This summer, Kansas streams had “less volume of water than at any time since records have been kept,” including the Dust Bowl years, said Steve Adams, natural resource coordinator for the Kansas Department of Wildlife and Parks.
Moreover, many state reservoirs are 10 to 20 feet or more below normal levels, making them unusable for recreation and threatening city water supplies.
Such problems aren’t simply a result of less rainfall, Adams said; in some cases, through heavy use, “we’re making more demands than what the water resource can sustain.”
He continues by explaining that “we need to be thinking in terms of sustainability.” And the Eagle concludes that “If there is no water, Kansas has no future.”
The legislature has taken some good steps, enhancing existing programs that encourage farmers to retire irrigation rights, and funding technical programs to enhance the lifespan of existing reservoirs. But the real solution has to be a change in the way water is allocated and used.
Part of the problem is the way that water is historically allocated to users in Kansas and in many of the Western States. The Department of Agriculture explains:
The right to use Kansas water is based on the principle of “first in time — first in right.” In times of shortage, that means the earliest water right or permit holders have first rights to use the water.
The standard solution to the allocation of limited resources (fish in the sea, grazing land, mineable ores) is to create a market for the resource. Guaranteeing access to some users creates an incentive for them to abuse the shared resource. Those with later demands have increasing interests in conservation as they get further from the front of the line. A market evens that interest. When the cost of an extra acre-foot of water varies, there’s more reason to consider conservation at key moments than if you will be guaranteed access to the water.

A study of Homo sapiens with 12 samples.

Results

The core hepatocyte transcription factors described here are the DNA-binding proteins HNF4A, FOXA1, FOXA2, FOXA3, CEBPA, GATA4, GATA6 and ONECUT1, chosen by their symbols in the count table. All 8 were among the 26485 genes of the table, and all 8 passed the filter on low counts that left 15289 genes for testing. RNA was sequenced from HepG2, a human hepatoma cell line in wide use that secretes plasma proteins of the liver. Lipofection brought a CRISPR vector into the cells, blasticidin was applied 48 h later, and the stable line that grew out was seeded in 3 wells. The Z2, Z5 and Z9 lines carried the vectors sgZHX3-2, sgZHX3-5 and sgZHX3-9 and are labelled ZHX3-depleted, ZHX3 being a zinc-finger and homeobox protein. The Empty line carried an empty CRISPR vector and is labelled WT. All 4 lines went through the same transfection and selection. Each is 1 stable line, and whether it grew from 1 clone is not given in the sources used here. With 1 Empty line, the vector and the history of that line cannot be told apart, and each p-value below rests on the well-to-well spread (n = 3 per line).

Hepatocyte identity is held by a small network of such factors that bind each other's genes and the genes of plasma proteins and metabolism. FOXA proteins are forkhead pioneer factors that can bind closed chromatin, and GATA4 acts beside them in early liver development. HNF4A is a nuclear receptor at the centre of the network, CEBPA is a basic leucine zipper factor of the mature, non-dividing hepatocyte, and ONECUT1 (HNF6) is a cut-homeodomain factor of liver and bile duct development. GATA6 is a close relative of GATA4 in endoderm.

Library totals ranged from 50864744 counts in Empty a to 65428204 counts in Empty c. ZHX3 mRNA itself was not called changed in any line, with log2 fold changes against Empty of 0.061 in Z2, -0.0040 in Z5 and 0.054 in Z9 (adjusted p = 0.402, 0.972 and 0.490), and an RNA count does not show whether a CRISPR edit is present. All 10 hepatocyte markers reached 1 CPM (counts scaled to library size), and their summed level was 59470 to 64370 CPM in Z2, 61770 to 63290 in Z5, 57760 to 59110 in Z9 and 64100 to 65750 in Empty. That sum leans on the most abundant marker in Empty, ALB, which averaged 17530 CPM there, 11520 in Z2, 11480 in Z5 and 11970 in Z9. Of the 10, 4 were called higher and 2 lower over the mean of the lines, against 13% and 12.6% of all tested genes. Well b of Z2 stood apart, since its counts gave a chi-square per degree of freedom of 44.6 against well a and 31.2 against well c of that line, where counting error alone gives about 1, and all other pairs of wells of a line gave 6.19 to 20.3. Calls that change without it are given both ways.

As I understand the current system, people with water permits are allocated a certain amount of water per acre, and once they have their permit, are basically free to use any amount up to (and possibly above) that rate. Excessive overuse can result in punishment, but the enforcement system is pretty unimpressive.
In these sorts of situations, ecologists and ecological economists generally prefer to create self-enforcing systems, ways to incorporate the costs of overuse into the daily calculus of the people overusing the resource. In this case, spreading the ownership rights and obligations more widely would be a good start. Granting users some percentage of the total water output as opposed to a constant quantity would probably also be wise.
In fisheries, a lot of effort has been developed to show that it’s better to regulate fishing effort rather than total take. Constant effort harvesting will produce fish populations that can still return to equilibrium from above or below the target size, stably regulating populations. Constant quota harvesting will produce an unstable equilibrium, one where any deviation away from the target will reinforce itself, what Roughgarden and Smith liken to “balancing a ball on a dome.” The latter is closer to what we have in Kansas water policy (though it’s worth noting that water and fish are not the same, fish reproduce, water doesn’t).